NEW YORK (GenomeWeb) – A University of Pennsylvania Perelman School of Medicine research team has received $3 million from a consortium of pharmaceutical companies to search for biomarkers of rapidly declining kidney function in patients with diabetic kidney disease.
In this study, called TRIDENT (Transformative Research In DiabEtic NephropaThy), UPenn researchers led by Katalin Susztak plan to collect multi-omic data in order to find genomic or other markers that distinguish patients with rapidly declining kidney function from those who are experiencing a slow decline. The hope is that the results can also uncover potential therapeutic targets.
Susztak and colleagues plan to collect kidney biopsy tissue, as well as blood and urine samples, from a cohort of 300 patients with type 1 or type 2 diabetes who have undergone a clinically indicated kidney biopsy at one of 12 US and Canadian clinical sites.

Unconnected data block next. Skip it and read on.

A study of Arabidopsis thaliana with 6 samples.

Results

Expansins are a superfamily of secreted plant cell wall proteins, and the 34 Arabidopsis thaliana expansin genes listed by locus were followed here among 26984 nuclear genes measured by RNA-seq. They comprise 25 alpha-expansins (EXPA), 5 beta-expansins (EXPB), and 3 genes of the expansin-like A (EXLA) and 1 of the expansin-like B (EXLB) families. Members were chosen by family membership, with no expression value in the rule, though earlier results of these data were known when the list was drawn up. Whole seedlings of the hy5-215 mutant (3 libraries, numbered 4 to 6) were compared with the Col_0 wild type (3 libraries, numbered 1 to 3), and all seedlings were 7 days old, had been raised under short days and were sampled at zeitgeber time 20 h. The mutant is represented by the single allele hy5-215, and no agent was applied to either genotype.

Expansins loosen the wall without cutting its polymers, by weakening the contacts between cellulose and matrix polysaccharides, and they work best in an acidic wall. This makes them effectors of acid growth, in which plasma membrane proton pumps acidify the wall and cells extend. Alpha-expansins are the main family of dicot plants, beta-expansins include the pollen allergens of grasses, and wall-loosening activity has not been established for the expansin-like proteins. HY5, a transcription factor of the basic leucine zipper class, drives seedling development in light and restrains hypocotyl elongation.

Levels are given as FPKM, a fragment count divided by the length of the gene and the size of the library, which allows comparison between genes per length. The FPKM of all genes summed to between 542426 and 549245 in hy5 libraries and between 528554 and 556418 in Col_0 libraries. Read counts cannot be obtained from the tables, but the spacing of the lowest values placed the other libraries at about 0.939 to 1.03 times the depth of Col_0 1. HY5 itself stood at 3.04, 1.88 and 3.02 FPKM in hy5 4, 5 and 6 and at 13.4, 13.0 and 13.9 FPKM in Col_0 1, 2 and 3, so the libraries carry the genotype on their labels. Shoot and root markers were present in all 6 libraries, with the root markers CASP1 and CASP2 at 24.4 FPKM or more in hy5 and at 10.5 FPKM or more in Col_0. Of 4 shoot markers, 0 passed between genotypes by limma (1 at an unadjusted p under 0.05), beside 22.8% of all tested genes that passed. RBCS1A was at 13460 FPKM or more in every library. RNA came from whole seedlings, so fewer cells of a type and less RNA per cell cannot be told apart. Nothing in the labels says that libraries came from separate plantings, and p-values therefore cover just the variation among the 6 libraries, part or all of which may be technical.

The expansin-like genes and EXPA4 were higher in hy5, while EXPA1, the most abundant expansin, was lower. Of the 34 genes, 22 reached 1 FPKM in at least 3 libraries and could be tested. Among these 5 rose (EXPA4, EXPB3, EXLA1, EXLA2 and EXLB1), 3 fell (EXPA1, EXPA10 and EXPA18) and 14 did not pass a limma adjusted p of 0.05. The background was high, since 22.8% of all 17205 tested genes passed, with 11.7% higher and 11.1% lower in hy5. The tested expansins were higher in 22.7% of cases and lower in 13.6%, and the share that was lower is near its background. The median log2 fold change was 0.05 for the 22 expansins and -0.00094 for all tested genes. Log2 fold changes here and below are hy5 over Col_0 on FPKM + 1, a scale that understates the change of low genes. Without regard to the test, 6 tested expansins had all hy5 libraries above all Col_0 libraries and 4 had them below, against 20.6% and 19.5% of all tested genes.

The team will then use multi-omic methods to better understand the pathways involved, and hopefully to identify molecular differences that can distinguish slow versus rapid kidney function decline.
The pharma consortium that is supporting the project includes Boehringer Ingelheim, GlaxoSmithKline, and Regeneron. Each member will have access to the molecular markers and pathways identified in the study, which they can use in their own drug discovery efforts.
Although several new biomarkers have been discovered in recent years with potential to identify patients at risk for rapid loss of kidney function, there remain unanswered questions, Susztak said in a statement.
UPenn noted that Susztak has consulted previously for GSK and has received research support from Boehringer Ingelheim for projects unrelated to TRIDENT.